Cornelia Johnson with her quilt. Photo courtesy The Times-Free Press.

Cornelia Johnson with her quilt. Photo courtesy The Times-Free Press.

When Kelly Spell was casting about for a new hobby, her mind drifted across the bizarre challenges that the reality TV show "Project Runway" poses for its aspiring fashion designer contestants.

Make a dress from flower blossoms purchased at a warehouse market. Make a gown sewn from items bought in grocery aisles: candy wrappers, garbage bags, lettuce leaves. Rip apart home decor— leather from sofas, woven throw rugs — for fabric to make a dress.

While Spell, a 35-year-old marketing specialist, had not been particularly artsy-craftsy as a child, she discovered she had a gift for cutting designs from all sorts of fabric and sewing them into something lovely. So she chose quilting as a hobby, then became an enthusiastic member of the Chattanooga Modern Quilt Guild, where women of all ages gather to sew quilts that are works of art.

But they do much more. Last fall, they decided to give their quilts away to new owners of Habitat for Humanity houses.

The quilters wanted to create a gift that would make a new homeowner feel snug and safe and able to dream sweetly. They also wanted it to be an heirloom that could be passed on to a child.

"We wanted to make something so beautiful, the owner would be proud to pass it along to a son or daughter like a family heirloom," Spell says.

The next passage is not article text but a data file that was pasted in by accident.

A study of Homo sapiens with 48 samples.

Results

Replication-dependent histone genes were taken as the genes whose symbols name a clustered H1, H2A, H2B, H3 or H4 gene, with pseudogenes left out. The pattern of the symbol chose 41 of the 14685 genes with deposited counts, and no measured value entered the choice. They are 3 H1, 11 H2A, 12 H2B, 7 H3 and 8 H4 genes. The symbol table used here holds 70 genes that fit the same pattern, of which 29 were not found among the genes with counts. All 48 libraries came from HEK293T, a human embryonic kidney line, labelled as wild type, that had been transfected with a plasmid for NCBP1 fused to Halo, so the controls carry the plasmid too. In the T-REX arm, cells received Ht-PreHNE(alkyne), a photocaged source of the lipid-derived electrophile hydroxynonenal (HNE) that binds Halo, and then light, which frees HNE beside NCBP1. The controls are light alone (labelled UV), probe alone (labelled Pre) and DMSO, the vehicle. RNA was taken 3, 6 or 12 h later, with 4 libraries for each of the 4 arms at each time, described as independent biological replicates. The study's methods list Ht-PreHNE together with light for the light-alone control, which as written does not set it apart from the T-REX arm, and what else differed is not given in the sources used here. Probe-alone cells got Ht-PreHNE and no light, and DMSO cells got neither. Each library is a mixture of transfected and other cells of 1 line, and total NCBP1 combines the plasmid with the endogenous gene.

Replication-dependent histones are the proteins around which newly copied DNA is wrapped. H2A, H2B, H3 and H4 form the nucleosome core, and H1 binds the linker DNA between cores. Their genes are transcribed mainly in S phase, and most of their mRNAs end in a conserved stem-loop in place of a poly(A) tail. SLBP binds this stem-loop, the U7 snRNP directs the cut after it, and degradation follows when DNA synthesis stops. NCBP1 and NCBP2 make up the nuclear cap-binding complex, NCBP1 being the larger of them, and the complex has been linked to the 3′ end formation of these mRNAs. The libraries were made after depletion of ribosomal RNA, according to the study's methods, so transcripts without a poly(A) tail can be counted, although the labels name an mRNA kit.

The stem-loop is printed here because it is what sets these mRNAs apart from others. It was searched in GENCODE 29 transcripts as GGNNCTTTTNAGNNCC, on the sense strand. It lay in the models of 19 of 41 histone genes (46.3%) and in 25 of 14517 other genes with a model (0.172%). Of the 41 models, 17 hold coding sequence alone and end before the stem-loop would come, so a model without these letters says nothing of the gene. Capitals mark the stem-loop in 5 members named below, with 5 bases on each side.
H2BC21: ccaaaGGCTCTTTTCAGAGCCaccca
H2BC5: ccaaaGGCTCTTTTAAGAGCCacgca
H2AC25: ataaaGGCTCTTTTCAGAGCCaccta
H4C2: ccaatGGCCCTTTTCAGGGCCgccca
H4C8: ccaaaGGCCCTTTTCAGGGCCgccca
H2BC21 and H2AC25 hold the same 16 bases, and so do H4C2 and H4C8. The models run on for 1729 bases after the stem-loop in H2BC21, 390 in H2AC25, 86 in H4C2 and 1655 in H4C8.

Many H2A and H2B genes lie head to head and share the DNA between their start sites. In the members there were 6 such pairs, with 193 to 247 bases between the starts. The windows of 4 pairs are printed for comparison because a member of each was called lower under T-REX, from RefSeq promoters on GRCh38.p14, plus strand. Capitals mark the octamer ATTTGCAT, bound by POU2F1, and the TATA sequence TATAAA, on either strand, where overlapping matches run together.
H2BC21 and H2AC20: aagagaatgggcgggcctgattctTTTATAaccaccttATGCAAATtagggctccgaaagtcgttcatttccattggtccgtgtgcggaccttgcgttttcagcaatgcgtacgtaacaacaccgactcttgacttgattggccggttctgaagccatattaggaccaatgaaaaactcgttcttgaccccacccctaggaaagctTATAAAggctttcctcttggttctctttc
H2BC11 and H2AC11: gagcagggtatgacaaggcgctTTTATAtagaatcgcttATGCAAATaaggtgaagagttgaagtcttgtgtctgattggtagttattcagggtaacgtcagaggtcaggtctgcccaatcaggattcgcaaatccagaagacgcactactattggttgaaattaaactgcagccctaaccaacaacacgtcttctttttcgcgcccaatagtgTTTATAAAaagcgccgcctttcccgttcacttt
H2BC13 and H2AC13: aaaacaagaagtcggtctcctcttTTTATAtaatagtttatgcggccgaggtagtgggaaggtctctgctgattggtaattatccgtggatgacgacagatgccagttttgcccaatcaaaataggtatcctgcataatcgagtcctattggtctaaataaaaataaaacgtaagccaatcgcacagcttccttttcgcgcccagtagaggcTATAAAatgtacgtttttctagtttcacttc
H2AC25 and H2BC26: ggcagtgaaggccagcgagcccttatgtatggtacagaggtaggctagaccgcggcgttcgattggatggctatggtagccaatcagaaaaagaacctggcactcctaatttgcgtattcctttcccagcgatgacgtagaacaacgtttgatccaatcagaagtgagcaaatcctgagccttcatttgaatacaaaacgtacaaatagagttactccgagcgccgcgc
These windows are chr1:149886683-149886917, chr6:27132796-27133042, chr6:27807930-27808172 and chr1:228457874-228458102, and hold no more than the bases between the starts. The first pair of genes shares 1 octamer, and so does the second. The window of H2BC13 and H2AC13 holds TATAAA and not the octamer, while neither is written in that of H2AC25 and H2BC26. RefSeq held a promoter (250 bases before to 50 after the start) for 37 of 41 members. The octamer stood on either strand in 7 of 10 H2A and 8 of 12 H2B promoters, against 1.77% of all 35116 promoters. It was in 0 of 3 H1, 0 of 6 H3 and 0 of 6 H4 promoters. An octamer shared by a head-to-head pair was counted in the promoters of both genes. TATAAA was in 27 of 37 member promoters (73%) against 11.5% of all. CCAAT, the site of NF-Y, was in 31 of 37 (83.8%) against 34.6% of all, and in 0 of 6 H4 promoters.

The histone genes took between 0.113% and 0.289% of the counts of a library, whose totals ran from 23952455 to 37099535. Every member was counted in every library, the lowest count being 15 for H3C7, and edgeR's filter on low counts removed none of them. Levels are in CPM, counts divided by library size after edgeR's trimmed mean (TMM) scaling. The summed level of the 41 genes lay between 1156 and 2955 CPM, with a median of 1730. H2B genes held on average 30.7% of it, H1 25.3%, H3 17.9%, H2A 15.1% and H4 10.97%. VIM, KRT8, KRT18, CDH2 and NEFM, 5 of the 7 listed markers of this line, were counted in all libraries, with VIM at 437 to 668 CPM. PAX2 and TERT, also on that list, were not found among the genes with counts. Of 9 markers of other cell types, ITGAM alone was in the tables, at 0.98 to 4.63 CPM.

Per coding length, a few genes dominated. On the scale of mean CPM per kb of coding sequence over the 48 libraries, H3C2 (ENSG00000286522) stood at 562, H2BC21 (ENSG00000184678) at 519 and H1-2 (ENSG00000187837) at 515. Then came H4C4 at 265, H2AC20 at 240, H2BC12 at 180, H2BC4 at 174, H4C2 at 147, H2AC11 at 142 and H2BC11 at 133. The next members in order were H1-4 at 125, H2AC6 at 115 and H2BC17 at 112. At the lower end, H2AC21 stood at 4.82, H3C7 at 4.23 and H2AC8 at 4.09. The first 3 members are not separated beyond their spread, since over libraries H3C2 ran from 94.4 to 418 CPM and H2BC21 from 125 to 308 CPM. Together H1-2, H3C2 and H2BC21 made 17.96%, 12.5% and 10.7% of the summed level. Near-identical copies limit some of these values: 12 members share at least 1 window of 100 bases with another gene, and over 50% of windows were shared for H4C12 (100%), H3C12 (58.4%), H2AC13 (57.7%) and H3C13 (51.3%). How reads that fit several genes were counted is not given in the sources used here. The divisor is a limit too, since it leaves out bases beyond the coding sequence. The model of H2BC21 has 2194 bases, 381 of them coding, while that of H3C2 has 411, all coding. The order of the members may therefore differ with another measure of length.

Cornelia Johnson, who works for the state health department in downtown Chattanooga, was the first Habitat homeowner to get a quilt.

"They gave me the quilt the day Habitat for Humanity handed me the keys to my new house last fall; the house and the quilt are absolutely beautiful," Johnson says. "I have two adult sons, and I'm not sure how much they know about art, but this quilt is definitely something I would want to hand down to my grandkids."

Her quilt has a deep magenta background — "my favorite color," Johnson notes — with a large eight-pointed star encircling a smaller star. The dozens of fabric swatches that form the stars are imprinted with fanciful goldfish swimming around a teddy bear wearing a diving helmet as well as musical notes, huge golden lilies, a rolling pin, cookie cutters and bright abstract designs.

"I was told each piece has a special meaning for the person who brought it to the quilt so, in a way, the women who made it are sharing their good wishes and dreams with me," Johnson says, examining a piece with a whimsical elephant adorned with pink and green gems.

"Some day I would love to attend one of the guild's meetings so I can thank the women who made this and hear the stories behind the pictures on the fabric."

Guild member Jean Larson, who first approached Habitat about giving quilts to new owners, says she and about 10 other quilters attended the ceremony where Johnson was given her house keys.

"We've made two quilts for two new owners since then," she says.

Pictured on the guild's Facebook page, one quilt is adorned with a colorful abstract — yet instantly recognizable — portrait of the Walnut Street Bridge and the Tennessee Aquarium towers. The other quilt has white lightning zigzags dividing brightly colored blocks and stripes.

The guild is now working on a quilt for a new Habitat homeowner in April. Spell says the members sometimes design a quilt pattern; other times they modernize a pattern that might be 200 years old."We wanted to take all these unusual pieces of fabric that at first look helter-skelter and arrange them on the quilt to be appealing to the modern eye," says Larson.